If Bob Marley was alive, today he would have celebrated his 65th birthday. Every year on this day, fans gather to listen to his music and honor his legacy. From London to Ethiopia to Jamaica to right here in Chicago, we’re celebrating Bob Marley Day. My relationship with his music goes back as far as my earliest childhood days. Check the timeline.


When I was a toddler, my dad spent time in Jamaica studying for a master’s degree. When he returned, he brought what seemed like Bob Marley’s entire record collection with him. Uprising. Natty Dread. Burnin’. Survival. Rastaman Vibration. We had all the LP’s and from that early age, I started soaking them up like a sponge. I swear on the Bible that I have clear, distinct memories of seeing footage of Bob Marley’s funeral on television. The coffin surrounded by an ocean of weeping fans, the mourning of a people. I know I probably have created these memories — Bob passed in 1981. I wasn’t more than two at the time, but part of my brain swears that I witnessed this moment with the rest of the Caribbean.

One of my earliest embarrassing memories is of my brother Dominic sneaking up on me as I sang Redemption Song to myself (I must have been only four or five, and of course I didn’t know the lyrics).

When I was a teenager, Bob’s lyrics helped me navigate my way through oceans of frenemies. I absorbed his lyrics. Listening to his music gave me that feeling of spiritual balance that I felt unable to attain at church on Sundays with my parents.

And to this day, whenever I need a little guidance, a little perspective, a little satisfaction for my soul — I turn to him. Rest in Peace, Mr. Marley. It’s an understatement to say you left this world too soon.

Here are my top 5 favorite Bob Marley tunes, in no particular order. That would be too difficult.

5. Who The Cap Fit/Man to Man

Few songs have ever actually caused me to look within myself as this song did. The lyrics spoke very directly to my soul during a turbulent part of my life —

“Some will hate you, pretend they love you now
Then behind they try to eliminate you.
But who Jah bless, no one curse;
Thank God, we’re past the worst.

It’s a double-edged sword, and Bob captured it so perfectly in this song. Sometimes you’re watching out for the cap-wearers. And sometimes, the cap-wearer is you. Realizing that was essential for me, and I think it’s rare that a song can be credited for making someone a better person. But Who The Cap Fit did that for me. Most definitely.

4. Revolution.

This song certainly isn’t among Bob’s most popular, but those words hit me deep in my soul. And they speak so earnestly to Bob Marley’s own beliefs and experiences. “Never let a politician grant you a favor. He will always want to control you forever.”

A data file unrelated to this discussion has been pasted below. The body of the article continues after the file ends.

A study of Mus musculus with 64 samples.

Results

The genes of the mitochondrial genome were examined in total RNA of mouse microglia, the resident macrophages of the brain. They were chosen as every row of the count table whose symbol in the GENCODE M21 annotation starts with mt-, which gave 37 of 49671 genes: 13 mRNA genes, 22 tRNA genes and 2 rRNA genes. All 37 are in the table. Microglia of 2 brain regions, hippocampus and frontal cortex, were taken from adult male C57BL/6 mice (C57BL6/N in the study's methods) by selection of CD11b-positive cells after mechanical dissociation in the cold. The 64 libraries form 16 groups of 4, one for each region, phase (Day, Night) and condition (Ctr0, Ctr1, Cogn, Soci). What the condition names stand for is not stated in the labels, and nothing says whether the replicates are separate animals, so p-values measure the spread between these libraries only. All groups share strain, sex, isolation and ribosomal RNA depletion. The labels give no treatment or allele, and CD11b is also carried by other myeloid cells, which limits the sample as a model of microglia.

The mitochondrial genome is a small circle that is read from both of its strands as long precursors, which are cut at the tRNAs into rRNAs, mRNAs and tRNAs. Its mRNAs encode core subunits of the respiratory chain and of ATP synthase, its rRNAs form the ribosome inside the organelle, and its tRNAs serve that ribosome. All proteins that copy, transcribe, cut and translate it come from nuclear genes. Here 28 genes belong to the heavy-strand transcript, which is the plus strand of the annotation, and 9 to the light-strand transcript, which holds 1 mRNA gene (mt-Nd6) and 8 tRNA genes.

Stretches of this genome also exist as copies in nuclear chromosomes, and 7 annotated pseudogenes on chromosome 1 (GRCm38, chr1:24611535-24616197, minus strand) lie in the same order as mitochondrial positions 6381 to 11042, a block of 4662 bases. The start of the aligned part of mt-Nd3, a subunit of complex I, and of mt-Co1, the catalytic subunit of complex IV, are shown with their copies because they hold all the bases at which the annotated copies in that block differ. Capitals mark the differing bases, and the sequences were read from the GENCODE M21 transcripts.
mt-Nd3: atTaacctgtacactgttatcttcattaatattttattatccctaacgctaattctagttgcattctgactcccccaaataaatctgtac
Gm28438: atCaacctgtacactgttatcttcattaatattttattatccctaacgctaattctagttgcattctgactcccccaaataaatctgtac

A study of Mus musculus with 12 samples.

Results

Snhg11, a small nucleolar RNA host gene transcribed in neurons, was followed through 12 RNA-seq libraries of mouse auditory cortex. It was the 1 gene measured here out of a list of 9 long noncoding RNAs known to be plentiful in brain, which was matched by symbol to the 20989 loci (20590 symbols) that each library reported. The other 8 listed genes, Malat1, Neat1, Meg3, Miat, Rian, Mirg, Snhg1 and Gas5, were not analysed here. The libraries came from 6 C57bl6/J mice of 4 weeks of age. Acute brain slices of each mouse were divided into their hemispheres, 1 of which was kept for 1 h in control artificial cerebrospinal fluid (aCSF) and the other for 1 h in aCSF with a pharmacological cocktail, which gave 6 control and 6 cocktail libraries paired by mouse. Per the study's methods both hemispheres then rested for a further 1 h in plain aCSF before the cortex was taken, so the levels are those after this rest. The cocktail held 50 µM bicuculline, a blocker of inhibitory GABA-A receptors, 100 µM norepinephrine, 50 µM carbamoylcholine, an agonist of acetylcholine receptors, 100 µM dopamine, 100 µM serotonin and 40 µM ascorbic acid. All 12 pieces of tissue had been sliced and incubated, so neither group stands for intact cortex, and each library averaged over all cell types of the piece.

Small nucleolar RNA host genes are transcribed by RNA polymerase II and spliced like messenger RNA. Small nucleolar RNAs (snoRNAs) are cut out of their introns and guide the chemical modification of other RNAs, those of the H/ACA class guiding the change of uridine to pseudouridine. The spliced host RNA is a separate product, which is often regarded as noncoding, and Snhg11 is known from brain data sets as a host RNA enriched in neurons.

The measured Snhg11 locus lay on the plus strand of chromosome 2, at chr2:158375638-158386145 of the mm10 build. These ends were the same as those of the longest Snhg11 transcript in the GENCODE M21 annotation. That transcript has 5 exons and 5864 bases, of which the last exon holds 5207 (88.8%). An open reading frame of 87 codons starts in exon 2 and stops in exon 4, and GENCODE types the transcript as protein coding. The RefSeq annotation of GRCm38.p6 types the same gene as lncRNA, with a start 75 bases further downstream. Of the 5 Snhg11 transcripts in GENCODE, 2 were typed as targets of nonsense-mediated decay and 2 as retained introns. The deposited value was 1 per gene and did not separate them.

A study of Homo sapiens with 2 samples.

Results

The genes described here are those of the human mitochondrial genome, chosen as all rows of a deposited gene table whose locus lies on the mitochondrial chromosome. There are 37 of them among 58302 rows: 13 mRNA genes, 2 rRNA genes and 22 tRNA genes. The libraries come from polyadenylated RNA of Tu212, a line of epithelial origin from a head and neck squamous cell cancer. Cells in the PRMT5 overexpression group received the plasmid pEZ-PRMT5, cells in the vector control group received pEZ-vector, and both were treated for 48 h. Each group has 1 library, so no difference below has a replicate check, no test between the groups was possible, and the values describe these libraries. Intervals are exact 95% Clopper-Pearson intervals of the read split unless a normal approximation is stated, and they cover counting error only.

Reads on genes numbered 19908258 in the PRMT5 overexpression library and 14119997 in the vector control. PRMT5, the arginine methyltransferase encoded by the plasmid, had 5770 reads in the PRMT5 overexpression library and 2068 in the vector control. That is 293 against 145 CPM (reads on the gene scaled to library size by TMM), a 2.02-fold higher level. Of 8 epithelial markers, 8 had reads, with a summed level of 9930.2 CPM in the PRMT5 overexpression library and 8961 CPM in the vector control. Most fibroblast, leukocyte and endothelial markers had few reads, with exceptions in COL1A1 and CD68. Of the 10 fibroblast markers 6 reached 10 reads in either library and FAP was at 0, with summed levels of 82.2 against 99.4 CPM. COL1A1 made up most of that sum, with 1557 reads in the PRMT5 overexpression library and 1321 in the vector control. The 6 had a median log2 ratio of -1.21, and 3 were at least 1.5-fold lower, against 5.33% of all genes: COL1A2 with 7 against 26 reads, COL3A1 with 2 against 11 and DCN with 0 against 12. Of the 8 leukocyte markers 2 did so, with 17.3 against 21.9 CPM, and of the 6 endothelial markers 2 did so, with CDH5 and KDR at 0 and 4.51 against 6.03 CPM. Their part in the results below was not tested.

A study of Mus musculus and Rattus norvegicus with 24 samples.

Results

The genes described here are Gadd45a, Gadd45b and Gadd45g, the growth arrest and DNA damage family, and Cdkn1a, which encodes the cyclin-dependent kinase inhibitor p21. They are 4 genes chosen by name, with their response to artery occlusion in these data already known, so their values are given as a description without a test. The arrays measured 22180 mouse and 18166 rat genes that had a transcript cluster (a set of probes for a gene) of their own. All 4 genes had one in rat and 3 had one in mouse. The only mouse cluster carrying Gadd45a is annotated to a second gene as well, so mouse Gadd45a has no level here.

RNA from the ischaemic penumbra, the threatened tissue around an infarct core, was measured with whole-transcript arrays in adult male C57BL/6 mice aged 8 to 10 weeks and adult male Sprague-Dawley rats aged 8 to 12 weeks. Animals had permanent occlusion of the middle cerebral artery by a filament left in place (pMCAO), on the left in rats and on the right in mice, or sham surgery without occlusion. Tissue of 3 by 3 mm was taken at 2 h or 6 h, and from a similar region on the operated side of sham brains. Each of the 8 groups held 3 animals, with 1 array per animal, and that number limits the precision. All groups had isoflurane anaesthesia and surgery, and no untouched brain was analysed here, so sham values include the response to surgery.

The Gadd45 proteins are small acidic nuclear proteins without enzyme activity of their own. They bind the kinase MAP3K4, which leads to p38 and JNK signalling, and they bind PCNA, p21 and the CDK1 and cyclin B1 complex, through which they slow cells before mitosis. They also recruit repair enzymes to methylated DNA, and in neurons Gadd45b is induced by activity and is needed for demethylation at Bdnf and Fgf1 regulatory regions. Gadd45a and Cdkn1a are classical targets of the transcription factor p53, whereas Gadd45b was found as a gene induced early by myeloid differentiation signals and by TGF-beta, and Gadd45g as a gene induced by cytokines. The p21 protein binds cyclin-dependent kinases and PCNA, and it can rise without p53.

3. Them Belly Full (But We Hungry)

Click to watch because in their infinite wisdom, Island Records has disabled embedding. Wonder what Bob Marley would think about that.

One of the most incredible things about Bob was his prescience. His lyrics spoke about issues that are tragically timeless — poverty, struggle, hunger, and pain. Not being able to pay your bills. Not being able to feed your kids. And while singing about that, he sang about revolution, self motivation, and rising above that which angers you.

And besides all of that, there’s the irresistable command. “Forget your sorrows and dance. Forget your troubles and dance. Forget your weakness and dance. ”

When you listen to this song, you almost can. Check it live in 1980. And please take note of the I-Threes. They give me SO much style inspiration.

2. Forever Loving Jah

If you catch me at the right time, this song can STILL put chills down my spine. The strength of Bob’s religious conviction is so palpable in the songs composed after Haile Selassie’s passing. This song, Jah Live, and Selassie Is The Chapel resonate with faith. It’s an emotion that’s almost wholly lacking from music today.

1. One Drop

This song feels just as fresh as it was back in the day. The beat can’t be denied. This song has more fond memories for me than most, so that’s what makes this my top pick. But even in writing this I’m questioning my choice. There are SO many Bob Marley songs that are just perfect compositions.

Although Legend is Bob Marley’s most popular album (and the most popular reggae album of all time according to Billboard), that “best of” compliation falls short and fails to include some truly essential tracks. If you’re REALLY trying to get into the deeper crates, treat yourself to Songs Of Freedom. It is as good as a best of collection gets. Four CDs that show the evolution of this one of a kind musical legend. SO worth the money.

At times in the past, I’ve listened to Bob Marley’s music and felt an undertone of anger that a musician so talented had to die so young. Just 36 years old, and with SO much more music to make. But on this Bob Marley Day, I’m just rejoicing in his musical legacy. He left us with so much to listen to, so much to consider. So much inspiration. He may be gone, but Robert Nesta Marley will never, ever be forgotten.

What are your favorite Bob Marley songs? Share your memories with me!